Rust(version = 1.53.0) doesn't need to explictly use `move` keyword to transfer ownership in closure?

I know from using-move-closures-with-threads that when closure take ownership of captured variable should use move keyword.

In Rust (version = 1.53.0), I remove move keyword before the clousre, and it is successfully compiled.

fn main() {
    let v = vec!["hello", "good", "nice"];

    let _ = std::thread::spawn(|| {
        for value in v {
            println!("v = {}", value);

From just after the example in that chapter:

Rust infers how to capture v , and because println! only needs a reference to v , the closure tries to borrow v . However, there’s a problem: Rust can’t tell how long the spawned thread will run, so it doesn’t know if the reference to v will always be valid.

In your example, for value in v doesn't only need a reference -- it's needs ownership of v. Thus Rust infers that it needs to capture v (and not just a reference to v) from the start, and you don't need the move.

(Note that they used println! on v itself, unlike your code inside the loop.)

If you alter your code like so:

-        for value in v {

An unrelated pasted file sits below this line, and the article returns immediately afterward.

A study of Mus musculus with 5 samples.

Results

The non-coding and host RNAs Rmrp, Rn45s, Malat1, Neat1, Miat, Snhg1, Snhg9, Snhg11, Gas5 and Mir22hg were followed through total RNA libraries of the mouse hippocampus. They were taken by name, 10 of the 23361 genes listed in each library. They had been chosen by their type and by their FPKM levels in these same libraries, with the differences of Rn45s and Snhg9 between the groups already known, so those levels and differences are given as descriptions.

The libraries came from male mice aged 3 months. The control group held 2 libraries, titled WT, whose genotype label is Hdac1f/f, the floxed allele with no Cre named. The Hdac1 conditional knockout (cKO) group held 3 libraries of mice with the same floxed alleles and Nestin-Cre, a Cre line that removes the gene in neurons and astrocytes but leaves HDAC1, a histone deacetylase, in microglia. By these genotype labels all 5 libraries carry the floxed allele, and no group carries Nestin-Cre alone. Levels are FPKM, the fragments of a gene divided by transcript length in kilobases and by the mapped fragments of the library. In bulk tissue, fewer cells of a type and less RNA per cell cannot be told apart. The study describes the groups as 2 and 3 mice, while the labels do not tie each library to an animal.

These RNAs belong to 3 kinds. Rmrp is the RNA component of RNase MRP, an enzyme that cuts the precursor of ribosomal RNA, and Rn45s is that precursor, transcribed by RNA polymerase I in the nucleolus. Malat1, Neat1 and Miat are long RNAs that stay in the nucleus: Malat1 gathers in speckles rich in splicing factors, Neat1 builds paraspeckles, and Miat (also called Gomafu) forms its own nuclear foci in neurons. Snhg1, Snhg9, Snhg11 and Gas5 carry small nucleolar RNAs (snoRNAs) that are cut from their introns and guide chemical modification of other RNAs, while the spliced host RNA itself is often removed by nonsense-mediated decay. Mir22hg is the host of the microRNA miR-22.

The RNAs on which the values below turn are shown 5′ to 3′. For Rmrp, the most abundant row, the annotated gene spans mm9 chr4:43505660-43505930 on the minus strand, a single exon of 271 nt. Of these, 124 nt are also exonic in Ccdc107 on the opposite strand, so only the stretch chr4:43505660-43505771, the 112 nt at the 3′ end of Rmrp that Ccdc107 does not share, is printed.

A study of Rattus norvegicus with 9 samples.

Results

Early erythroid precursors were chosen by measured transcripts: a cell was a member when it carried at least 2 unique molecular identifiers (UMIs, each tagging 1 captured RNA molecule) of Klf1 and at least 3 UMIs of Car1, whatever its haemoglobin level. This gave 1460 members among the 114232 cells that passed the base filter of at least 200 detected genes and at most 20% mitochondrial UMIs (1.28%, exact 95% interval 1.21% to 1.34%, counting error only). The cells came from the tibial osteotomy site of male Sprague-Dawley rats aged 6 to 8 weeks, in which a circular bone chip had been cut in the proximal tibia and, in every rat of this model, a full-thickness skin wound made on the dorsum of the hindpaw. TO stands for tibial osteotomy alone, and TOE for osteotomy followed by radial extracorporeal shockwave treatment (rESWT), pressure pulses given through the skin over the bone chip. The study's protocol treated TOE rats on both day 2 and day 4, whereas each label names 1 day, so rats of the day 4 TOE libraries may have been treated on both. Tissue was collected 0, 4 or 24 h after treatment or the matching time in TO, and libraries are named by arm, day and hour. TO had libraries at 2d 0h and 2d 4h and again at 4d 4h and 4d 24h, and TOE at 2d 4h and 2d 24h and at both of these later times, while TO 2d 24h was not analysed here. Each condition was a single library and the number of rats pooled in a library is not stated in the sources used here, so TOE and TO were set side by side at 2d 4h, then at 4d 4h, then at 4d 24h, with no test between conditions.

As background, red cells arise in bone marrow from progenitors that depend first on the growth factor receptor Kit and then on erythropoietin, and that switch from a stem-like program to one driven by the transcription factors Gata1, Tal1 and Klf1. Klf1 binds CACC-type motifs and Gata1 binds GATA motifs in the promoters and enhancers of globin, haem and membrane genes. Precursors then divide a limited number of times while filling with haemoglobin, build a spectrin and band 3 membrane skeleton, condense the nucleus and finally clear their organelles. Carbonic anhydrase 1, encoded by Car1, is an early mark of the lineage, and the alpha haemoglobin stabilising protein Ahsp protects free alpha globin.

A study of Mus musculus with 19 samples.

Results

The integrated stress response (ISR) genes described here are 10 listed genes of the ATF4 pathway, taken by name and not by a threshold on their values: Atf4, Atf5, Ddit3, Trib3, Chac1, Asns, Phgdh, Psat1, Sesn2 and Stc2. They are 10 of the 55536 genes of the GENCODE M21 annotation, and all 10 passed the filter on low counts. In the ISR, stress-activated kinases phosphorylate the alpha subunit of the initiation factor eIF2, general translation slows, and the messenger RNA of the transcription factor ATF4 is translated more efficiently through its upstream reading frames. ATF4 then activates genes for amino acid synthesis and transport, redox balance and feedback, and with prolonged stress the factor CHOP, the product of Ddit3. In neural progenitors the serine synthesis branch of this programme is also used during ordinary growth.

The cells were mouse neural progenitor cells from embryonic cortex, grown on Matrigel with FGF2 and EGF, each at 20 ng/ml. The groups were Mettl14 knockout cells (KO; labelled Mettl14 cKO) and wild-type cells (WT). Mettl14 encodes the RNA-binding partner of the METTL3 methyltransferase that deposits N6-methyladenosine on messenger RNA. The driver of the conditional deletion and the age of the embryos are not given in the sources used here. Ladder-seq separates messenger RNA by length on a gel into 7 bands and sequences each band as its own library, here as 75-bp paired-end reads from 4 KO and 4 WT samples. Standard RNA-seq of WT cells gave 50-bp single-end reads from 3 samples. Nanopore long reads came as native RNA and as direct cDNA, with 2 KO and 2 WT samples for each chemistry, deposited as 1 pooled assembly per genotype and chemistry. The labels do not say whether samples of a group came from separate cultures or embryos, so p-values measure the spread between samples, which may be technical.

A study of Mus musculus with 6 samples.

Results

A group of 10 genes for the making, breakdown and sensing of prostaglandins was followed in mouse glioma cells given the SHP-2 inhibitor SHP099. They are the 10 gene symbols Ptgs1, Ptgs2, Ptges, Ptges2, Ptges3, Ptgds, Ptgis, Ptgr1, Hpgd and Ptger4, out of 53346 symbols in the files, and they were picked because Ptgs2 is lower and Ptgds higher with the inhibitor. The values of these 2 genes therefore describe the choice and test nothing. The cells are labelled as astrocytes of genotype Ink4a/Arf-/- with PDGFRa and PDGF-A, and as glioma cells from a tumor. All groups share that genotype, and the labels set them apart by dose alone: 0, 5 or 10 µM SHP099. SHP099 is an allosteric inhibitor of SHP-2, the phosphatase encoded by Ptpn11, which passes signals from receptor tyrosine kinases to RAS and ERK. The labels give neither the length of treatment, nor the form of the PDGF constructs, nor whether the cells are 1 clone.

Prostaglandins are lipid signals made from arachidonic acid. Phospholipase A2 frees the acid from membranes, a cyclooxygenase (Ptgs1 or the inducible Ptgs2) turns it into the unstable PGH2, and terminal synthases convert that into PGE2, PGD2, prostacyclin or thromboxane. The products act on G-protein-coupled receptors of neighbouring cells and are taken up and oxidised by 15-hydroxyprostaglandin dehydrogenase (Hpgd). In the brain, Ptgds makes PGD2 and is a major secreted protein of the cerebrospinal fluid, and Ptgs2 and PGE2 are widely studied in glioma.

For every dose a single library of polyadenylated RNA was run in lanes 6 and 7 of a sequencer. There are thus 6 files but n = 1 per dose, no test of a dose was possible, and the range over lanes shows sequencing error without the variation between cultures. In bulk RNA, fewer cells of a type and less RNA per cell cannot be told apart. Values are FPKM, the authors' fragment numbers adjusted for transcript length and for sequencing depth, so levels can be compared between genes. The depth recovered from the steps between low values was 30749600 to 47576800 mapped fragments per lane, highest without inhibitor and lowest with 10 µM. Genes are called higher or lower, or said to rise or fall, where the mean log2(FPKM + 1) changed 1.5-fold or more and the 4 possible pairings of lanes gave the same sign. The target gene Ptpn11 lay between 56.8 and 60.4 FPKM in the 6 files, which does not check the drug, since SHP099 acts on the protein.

+        for value in &v {
             println!("v = {}", value);

Then the for loop only needs a reference, and you get the error which suggests adding move. (And adding move does resolve the error.)


It should use move keyword, since for v in value take the owership. It should be compiled error but my code is successfully compiled in Rust 1.53.0.

The fact that for v in value takes ownership is exactly why move is not needed. The closure doesn't make sense unless v is captured (moved), and so it is -- even without the move keyword.

Another example:

struct MyNonCopyStruct;
impl MyNonCopyStruct {
    fn takes_ownership(self) {}
    fn only_needs_borrow(&self) {}

fn main() {
    let v = MyNonCopyStruct;
    let w = MyNonCopyStruct;

    // OK without `move` because taking ownership implies `v` _must_ be captured (moved)
    let _ = std::thread::spawn(|| v.takes_ownership());

    // Error because only a reference to `w` is captured and it may not live long enough
    // let _ = std::thread::spawn(|| w.only_needs_borrow());

    // Fixed if we _explicitly_ move even though only a reference is used
    let _ = std::thread::spawn(move || w.only_needs_borrow());

It makes sense~ thxs

BTW, string literals are &'static and thread-spawning closures are allowed to use 'static references.